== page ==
Kristen Whitley, junior biochemistry major at Walla Wall University, presented her research from last summer at the Experimental Biology conference. “My project entailed investigating the role of a transcription factor, a protein called LHX2, in a regulatory loop that is necessary for proper limb-patterning and development in vertebrates,” Whitley described. She was given the opportunity to do research as a volunteer with Ph.D. students and a doctor at Loma Linda University. After her abstract was accepted by EB, she presented her research through a poster on April 3rd in Philadelphia.
EB hosts an annual meeting.“[It's] place where everyone is going to connect and share the latest research and science,” said to Whitley. The main research topics include anatomy, biochemistry, molecular biology, physiology and more. Participants can range from students at academic institutions to leaders from nonprofit or government organizations. They gather to learn from lectures, exhibits of new technology, and poster presentations like Whitley’s. Whitley reached out to Kerby Oberg at Loma Linda who accepted her invitation to do volunteer research in their lab. After deciding her research topic, Whitley began looking at how LHX2 regulates Sonic Hedgehog proteins. ZPA Regulatory Sequence, a limb-specific enhancer, is regulated by SHH, but it was unclear if LHX2 binding sites were necessary for ZRS activity.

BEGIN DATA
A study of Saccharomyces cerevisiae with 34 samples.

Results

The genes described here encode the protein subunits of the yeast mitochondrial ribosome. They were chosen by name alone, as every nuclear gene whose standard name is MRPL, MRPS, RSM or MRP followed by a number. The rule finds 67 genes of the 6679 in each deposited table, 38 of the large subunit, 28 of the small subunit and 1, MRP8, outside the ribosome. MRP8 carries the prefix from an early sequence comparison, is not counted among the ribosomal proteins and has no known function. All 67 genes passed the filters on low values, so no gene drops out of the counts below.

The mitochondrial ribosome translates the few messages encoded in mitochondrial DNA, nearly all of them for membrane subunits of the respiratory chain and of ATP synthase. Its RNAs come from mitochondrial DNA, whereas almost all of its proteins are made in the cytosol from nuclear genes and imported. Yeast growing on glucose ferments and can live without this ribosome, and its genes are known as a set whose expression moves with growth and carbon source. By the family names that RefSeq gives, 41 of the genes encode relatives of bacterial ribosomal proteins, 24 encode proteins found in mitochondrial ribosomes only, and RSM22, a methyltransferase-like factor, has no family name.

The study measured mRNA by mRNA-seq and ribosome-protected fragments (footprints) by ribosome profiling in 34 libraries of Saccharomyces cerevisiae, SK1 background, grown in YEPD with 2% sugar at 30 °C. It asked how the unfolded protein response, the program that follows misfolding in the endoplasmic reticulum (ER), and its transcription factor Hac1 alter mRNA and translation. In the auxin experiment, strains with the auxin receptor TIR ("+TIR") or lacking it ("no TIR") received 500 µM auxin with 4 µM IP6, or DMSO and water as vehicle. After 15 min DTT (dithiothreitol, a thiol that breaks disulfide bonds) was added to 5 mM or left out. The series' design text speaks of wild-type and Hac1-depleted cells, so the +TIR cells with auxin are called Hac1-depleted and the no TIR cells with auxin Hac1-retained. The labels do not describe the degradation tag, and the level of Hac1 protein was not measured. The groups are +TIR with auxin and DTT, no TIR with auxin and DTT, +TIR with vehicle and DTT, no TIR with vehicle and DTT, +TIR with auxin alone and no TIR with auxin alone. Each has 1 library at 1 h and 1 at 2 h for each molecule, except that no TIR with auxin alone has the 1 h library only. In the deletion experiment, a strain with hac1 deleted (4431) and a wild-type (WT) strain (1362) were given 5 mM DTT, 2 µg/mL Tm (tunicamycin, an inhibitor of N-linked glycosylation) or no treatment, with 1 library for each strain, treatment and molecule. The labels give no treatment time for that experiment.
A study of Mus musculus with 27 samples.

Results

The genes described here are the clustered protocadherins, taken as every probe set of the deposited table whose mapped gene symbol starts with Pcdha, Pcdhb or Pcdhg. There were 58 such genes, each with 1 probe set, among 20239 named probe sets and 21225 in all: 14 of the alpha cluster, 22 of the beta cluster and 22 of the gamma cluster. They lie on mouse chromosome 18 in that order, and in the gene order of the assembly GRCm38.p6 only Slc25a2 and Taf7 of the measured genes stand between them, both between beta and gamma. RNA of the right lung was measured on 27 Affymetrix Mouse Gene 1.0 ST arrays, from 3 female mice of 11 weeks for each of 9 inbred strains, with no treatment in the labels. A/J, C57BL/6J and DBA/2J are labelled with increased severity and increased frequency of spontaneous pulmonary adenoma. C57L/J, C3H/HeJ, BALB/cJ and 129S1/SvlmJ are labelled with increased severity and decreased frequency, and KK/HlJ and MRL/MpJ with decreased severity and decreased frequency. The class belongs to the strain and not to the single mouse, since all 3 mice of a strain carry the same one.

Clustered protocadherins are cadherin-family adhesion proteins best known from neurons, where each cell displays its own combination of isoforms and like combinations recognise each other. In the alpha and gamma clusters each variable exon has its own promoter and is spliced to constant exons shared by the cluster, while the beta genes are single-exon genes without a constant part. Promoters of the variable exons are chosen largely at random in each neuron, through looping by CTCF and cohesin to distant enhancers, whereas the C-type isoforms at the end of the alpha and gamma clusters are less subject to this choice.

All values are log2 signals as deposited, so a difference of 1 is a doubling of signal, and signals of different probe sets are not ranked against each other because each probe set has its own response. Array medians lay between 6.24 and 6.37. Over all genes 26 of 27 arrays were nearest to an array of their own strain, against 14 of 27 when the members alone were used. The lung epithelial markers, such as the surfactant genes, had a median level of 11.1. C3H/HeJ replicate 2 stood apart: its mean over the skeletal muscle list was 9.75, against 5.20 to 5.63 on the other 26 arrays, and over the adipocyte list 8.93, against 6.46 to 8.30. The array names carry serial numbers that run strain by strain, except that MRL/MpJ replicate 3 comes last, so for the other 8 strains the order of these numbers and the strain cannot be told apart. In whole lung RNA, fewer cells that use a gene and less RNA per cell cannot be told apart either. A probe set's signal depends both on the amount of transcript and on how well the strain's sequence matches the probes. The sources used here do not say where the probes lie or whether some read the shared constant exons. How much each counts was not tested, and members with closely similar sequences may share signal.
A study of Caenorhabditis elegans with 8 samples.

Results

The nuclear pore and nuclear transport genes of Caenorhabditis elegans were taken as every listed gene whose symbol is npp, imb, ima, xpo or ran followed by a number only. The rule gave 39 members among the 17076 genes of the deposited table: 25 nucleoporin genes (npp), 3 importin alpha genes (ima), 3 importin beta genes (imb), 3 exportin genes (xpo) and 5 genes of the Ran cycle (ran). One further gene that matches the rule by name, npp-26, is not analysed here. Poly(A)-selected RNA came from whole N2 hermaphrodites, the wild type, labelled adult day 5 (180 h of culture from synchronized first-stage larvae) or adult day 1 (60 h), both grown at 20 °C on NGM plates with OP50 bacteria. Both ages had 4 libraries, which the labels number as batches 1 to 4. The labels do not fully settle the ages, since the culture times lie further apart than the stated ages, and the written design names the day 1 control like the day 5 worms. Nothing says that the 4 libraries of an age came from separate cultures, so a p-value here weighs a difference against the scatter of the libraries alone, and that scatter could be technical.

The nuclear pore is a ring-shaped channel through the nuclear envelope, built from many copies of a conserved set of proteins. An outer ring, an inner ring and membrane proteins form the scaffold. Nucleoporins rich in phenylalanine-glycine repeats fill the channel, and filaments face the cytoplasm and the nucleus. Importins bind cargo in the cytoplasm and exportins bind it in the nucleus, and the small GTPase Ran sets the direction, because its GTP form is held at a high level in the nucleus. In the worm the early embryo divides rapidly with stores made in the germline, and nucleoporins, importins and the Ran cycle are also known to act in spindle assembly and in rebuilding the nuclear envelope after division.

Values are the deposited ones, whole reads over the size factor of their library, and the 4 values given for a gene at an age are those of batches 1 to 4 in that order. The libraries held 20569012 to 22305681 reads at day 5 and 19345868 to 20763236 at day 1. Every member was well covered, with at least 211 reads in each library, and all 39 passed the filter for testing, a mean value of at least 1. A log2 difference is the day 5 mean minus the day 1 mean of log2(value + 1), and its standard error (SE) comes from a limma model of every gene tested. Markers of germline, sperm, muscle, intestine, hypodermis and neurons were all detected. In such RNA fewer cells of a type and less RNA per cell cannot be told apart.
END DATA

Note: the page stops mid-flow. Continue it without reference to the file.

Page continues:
“One of the things you learn is that you aren’t necessarily making novel discoveries every week," said Whitely about her experience working in the lab. "There are a lot of times when your results don’t turn out [well], so the lab definitely has a lot of highs and lows.”
Each Friday, Whitley would meet with Oberg and the lab group to share presentations of their weekly results and conclusions. This not only exposed Whitley to other research findings, it helped her create connections. “It’s a good way to have someone who’s willing to reference me for the future. They worked closely with me for the summer and know what my work ethics and my strengths,” Whitley explained. Presenting at the EB conference continued her opportunities to connect and network with other scientists. Her research abstract concluded that LHX2 may not directly bind to ZRS, and further experiments are needed to understand its regulation of SHH.
Whitley continues making observations because of her summer research. “It’s been interesting now taking those classes and understanding what I did on a deeper level or connecting what I did to some of the things we talk about in class,” Whitley explained. Because of this, Whitley has found that research and making discoveries has pushed her to consider pursuing a Ph.D. to continue research work.